I want so badly to be alone, for my roommates to leave the house. The sound of the television is unbearable, being inside the house is unbearable. Nothing appeals to me right now. Maybe if I could sit outside on a beach or by a river listening to someone strum a guitar or beat on some drums, or birds sing, or crickets chirp, maybe then I would feel somewhat content, as content as someone can feel, knowing that the one who gave birth to them is no longer in this world.
Tonight I sat outside on the back porch in what I considered a haven until Mom died, with the tall bamboo obscuring the neighbor’s yard, and while I still appreciate this space, and am grateful to have it, it’s a far cry from the woods of Appalachia where my mother spent her last 10 years. I did what I’ve been doing every night since I got home and lit some incense, one for love and one for peace, and a citronella candle for the mosquitoes, and just sat there listening to the sound of the crickets chirping. In the distance sirens wailed and then I heard what sounded like the pop of a gunshot and I just thought, What am I doing here?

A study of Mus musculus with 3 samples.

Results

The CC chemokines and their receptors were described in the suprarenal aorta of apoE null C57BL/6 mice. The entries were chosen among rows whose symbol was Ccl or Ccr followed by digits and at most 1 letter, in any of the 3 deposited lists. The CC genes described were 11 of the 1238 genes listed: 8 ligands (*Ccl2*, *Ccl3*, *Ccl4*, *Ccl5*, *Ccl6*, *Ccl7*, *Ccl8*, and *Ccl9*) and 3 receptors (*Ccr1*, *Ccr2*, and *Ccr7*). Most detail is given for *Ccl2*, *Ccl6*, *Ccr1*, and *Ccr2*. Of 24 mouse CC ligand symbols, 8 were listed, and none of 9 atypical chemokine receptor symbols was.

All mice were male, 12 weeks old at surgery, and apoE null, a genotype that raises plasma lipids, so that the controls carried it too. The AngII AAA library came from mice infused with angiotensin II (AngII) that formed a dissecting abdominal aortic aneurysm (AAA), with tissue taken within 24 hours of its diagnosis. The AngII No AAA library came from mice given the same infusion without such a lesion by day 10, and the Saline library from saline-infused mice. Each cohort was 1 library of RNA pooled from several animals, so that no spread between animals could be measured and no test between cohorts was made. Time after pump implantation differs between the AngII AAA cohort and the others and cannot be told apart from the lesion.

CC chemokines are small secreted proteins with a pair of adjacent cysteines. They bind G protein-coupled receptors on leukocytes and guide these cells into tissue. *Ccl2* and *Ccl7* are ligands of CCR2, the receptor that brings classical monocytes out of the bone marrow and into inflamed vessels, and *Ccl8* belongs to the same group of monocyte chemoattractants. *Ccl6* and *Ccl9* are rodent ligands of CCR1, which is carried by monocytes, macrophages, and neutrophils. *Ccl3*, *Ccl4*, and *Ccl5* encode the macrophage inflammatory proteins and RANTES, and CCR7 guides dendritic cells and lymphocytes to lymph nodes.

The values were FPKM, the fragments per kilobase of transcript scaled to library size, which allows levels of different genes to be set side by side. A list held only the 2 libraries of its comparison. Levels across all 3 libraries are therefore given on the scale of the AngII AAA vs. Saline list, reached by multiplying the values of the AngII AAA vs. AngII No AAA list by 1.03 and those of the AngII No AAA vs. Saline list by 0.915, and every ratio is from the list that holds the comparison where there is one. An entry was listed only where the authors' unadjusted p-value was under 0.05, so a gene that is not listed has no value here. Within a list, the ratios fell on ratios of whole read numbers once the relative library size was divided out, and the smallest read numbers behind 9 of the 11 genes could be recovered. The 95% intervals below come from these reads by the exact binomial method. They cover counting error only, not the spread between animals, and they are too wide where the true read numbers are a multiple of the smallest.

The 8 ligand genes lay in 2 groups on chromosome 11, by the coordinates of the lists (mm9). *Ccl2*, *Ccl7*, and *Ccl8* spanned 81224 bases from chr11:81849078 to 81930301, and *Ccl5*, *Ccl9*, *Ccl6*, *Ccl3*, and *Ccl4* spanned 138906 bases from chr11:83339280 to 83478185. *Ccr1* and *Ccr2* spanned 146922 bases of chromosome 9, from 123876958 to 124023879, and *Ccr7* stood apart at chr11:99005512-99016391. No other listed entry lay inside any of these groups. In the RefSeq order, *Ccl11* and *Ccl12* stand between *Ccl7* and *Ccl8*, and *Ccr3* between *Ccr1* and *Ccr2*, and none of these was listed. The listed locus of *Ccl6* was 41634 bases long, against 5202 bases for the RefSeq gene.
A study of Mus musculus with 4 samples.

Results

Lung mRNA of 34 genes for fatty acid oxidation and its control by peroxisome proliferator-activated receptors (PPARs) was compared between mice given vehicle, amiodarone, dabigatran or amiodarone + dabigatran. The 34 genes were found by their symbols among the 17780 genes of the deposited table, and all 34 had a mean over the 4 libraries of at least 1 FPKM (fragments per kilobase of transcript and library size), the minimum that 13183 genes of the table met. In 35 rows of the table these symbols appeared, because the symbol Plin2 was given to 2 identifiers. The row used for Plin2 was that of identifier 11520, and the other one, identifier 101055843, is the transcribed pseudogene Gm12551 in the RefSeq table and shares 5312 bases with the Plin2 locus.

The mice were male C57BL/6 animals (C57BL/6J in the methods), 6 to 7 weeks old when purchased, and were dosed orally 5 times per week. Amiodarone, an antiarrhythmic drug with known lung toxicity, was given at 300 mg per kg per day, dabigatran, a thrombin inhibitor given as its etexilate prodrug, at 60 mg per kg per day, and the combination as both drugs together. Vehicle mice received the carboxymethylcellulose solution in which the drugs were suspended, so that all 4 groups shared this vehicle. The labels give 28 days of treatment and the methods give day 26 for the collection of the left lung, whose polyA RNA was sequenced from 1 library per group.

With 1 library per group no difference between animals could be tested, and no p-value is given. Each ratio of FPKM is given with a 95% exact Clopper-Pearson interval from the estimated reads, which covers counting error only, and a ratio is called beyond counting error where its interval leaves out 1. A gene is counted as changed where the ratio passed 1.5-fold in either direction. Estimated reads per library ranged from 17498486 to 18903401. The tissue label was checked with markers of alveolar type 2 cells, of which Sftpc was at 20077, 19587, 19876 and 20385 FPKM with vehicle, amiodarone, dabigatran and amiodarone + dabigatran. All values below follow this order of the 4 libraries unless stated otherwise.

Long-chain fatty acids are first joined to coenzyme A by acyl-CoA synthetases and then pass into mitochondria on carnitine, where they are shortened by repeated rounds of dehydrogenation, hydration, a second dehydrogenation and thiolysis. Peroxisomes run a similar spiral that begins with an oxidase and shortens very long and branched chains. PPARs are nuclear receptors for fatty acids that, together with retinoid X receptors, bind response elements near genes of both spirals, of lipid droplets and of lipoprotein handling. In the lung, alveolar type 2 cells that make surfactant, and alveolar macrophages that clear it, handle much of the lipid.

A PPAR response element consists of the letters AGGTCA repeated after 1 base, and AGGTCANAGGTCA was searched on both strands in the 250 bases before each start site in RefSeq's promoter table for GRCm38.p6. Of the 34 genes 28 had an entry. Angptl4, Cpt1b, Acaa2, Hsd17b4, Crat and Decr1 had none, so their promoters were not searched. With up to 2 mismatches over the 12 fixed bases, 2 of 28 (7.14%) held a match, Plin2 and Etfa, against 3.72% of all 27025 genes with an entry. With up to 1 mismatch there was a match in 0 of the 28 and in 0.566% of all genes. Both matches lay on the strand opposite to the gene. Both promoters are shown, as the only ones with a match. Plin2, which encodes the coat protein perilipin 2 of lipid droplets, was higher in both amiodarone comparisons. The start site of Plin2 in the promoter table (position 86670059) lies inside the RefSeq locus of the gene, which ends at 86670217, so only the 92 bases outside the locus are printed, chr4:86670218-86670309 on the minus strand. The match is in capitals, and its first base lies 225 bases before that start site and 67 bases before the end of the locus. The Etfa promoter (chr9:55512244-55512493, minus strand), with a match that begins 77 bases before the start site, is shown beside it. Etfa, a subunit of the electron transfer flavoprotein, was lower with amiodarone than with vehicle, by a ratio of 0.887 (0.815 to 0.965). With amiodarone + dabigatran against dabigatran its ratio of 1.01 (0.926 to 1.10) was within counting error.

It feels like the apocalypse, like the beginning of the end, and it started with Mom’s last words: “Something’s not right,” and then collapsing in the doorway of her home and into my stepfather’s arms. Really it started before that, with 9/11, tsunamis, Afghanistan, Iraq, Hurricane Katrina, school shootings, gun violence, and now the possibility of Trump being elected President. I’ve never been that political of a person, but I’m channeling my mother because she believed that if you’re not part of the solution then you’re part of the problem. I keep thinking of how I should’ve bought a plot of land to grow some vegetables and keep some goats and chickens, and I should’ve learned how to survive on my own in my own solar-powered tiny house with a water catchment system. Now it’s too late, because I can’t afford to buy that now, so instead I’ll be scrounging for what I can get in a post-apocalyptic world, squatting in some abandoned house eating crickets because that’s all that will be left, and I won’t know how to hunt deer or grow anything or milk cows, because I stupidly gave away my book on survivalism to an ex-boyfriend who doesn’t know how to change a flat tire.
That is a bleak ending, so I’ll end with some hope. It will all be worth it, because even though I’ll have lost so much, I’ll have loved, and that will make it all worth it. And I’ll be closer to God through it all. And one day I will be one with God. Because no matter what, you persevere. In the words of my mother, you just keep on keepin’ on.